Apr 22, 2014, 4:55 PM EDT

Spain Soccer Champions League AP

Following Chelsea’s 0-0 draw with Atletico Madrid on Tuesday at the Vicente Calderon, the Blues grabbed exactly what they wanted from the first leg of their UEFA Champions League semifinal.

Jose Mourinho set his side up to defend and frustrate Atleti, and the boys from West London did that superbly. The Special One is a master at manufacturing these kind of performances.


Here are three things we learned from a tight first leg of this Champions League semifinal.

Chelsea revert to Plan A: Defend

The best defense in the Premier League stuck to what it knows best away in Madrid: defend, defend, defend. Analyzing Jose Mourinho’s lineup before kick off, you could see what his intentions would be. David Luiz and John Obi Mikel (who incidentally were both celebrating their 27th birthday’s on Tuesday) both sat in front of the back four, as Chelsea’s water-tight defense became virtually impassable. Diego and Rui Garcia were starved off space in front of Chelsea’s backline, as Mikel and Luiz snapped at the heels of Atletico’s attackers. In a week where they lost at home to Sunderland, then have a massive clash against Liverpool at Anfield, Mourinho’s men went back to basics. It worked, handsomely. The Blues let Diego Simeone’s men have it wide and congested the space in the box, which suffocated Diego Costa’s ability to wriggle and writhe between central defenders. Chelsea showed no real intent going forward, as long balls pumped aimlessly towards Fernando Torres the entire game were too easy for Atleti to handle. Defensively, it was the kind of performance you would show to youth teams on tape time and time again.


After just 18 minutes Petr Cech was heading towards the sidelines, a push from David Luiz saw Rui Garcia bundle into Cech as the Chelsea ‘keeper fell awkwardly (reportedly dislocating his shoulder) and had to be replaced by Mark Schwarzer. In the second half Frank Lampard was handed a yellow card that rules him out of the second leg, then John Terry hobbled off after his ankle was trampled on by Diego Costa and then against Luiz’s foot to end his night. Then Mikel was booked, as he’ll miss the second leg too with suddenly a whole host of players potentially out for the Blues. Jose Mourinho can’t be ultra-defensive at home, so whether Mikel or Lampard would’ve played next Wednesday at Stamford Bridge is doubtful. What is more concerning are the injuries to Cech and Terry, especially with the game against Liverpool to come on Sunday, as it looks like both men face lengthy spells on the sidelines. Progress into the UCL final should be the main priority, so expect to see Chelsea leave out a few of their key players when they head to Anfield this weekend.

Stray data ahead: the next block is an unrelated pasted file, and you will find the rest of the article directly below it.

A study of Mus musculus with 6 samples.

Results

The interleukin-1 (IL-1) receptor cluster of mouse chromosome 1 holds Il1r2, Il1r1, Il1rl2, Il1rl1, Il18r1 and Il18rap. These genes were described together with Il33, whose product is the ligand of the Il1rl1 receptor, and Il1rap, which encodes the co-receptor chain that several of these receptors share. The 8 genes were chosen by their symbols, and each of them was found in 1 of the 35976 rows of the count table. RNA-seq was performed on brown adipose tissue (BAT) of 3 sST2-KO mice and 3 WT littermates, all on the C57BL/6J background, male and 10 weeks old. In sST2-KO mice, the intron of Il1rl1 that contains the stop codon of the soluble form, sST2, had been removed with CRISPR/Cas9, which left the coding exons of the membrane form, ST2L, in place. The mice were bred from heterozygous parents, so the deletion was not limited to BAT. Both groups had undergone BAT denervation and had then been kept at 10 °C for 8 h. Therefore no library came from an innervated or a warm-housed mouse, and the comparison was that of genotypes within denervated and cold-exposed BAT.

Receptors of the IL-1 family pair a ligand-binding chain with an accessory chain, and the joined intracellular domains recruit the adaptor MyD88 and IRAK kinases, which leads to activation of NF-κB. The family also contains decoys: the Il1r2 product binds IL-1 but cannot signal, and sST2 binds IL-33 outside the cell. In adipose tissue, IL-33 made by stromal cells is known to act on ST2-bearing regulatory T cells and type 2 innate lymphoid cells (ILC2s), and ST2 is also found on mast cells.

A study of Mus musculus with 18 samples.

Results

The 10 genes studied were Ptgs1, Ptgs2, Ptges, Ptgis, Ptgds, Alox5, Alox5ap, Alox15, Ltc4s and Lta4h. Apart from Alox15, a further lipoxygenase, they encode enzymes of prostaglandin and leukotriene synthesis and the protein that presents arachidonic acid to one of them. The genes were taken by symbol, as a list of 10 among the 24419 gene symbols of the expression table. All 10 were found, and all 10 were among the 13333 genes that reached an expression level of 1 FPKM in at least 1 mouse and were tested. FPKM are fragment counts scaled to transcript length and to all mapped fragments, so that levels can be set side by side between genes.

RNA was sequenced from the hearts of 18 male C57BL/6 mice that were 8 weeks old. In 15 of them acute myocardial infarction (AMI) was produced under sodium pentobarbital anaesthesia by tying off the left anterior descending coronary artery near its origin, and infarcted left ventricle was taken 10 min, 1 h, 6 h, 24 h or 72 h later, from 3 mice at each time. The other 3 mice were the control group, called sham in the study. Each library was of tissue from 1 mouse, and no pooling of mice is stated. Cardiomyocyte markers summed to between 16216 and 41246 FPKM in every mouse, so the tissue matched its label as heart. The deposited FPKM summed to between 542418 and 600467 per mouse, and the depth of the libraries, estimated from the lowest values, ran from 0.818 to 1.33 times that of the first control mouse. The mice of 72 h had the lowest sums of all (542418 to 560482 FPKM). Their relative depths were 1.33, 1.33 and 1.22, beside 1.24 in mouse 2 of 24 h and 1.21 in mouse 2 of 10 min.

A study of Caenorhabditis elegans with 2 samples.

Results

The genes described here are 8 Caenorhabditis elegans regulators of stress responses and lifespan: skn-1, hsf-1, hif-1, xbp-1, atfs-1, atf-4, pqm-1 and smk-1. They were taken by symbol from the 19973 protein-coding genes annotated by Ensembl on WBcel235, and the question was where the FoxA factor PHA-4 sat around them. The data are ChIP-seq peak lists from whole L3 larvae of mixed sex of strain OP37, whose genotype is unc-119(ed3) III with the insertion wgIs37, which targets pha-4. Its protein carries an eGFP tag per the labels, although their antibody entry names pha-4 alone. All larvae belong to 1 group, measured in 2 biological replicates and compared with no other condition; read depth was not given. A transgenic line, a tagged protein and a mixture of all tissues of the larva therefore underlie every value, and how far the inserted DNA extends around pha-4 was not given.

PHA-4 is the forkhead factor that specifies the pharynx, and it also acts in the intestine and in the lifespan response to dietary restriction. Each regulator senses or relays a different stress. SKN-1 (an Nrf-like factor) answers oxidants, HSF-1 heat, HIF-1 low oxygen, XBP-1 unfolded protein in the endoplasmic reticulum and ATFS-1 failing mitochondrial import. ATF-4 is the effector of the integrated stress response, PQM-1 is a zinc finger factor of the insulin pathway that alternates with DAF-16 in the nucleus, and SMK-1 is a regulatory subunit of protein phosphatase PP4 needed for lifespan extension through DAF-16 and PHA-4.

Experience rules

It’s not that Atletico’s team aren’t full of experienced players, because they are. Most are in their late 20’s, they only had three players 25 or under (Diego Costa, Koke and Thibaut Courtois) and most have been around the block a few times. Yet never in the Champions League semifinals. Chelsea’s players looked at ease in the pressure-cooker atmosphere of the Vicente Calderon. John Terry, Ashley Cole, Frank Lampard… they have decades of Champions League experience between them and their calm persona proved vital against Atletico. Little flicks around the corner here, shirt pulls and arms cleverly placed around the shoulders there, JT and co. did a job on Atletico. Chelsea knew they had to counter-attack Atletico’s exuberance by plugging gaps, running themselves into the ground and staying tight and compact. They did just that, as Atletico were left frustrated, while Chelsea were happy to thwart their Spanish opponents.

  1. dws110 - Apr 22, 2014 at 5:16 PM

    No one can suck the life out of a football game like Jose Mourinho…oh wait, everyone already knew that.

    Long live antifootball!

  2. eorlin1964 - Apr 22, 2014 at 5:25 PM

    The implied praise here is nauseating – to be outshot 25-5 in a Champions League semifinal ought to be embarrassing. Sitting 10 men within 20 yards of goal made for a terrible match for a neutral – why not just line them all up across the face of goal?

  3. unclemosesgreen - Apr 22, 2014 at 6:33 PM

    Ashley Cole was a stalwart – true professional to sit on the shelf for so long and come out for a huge game against a big club and play so well.

    Roy Hodgson – hope you received the message – don’t worry about Cole’s form.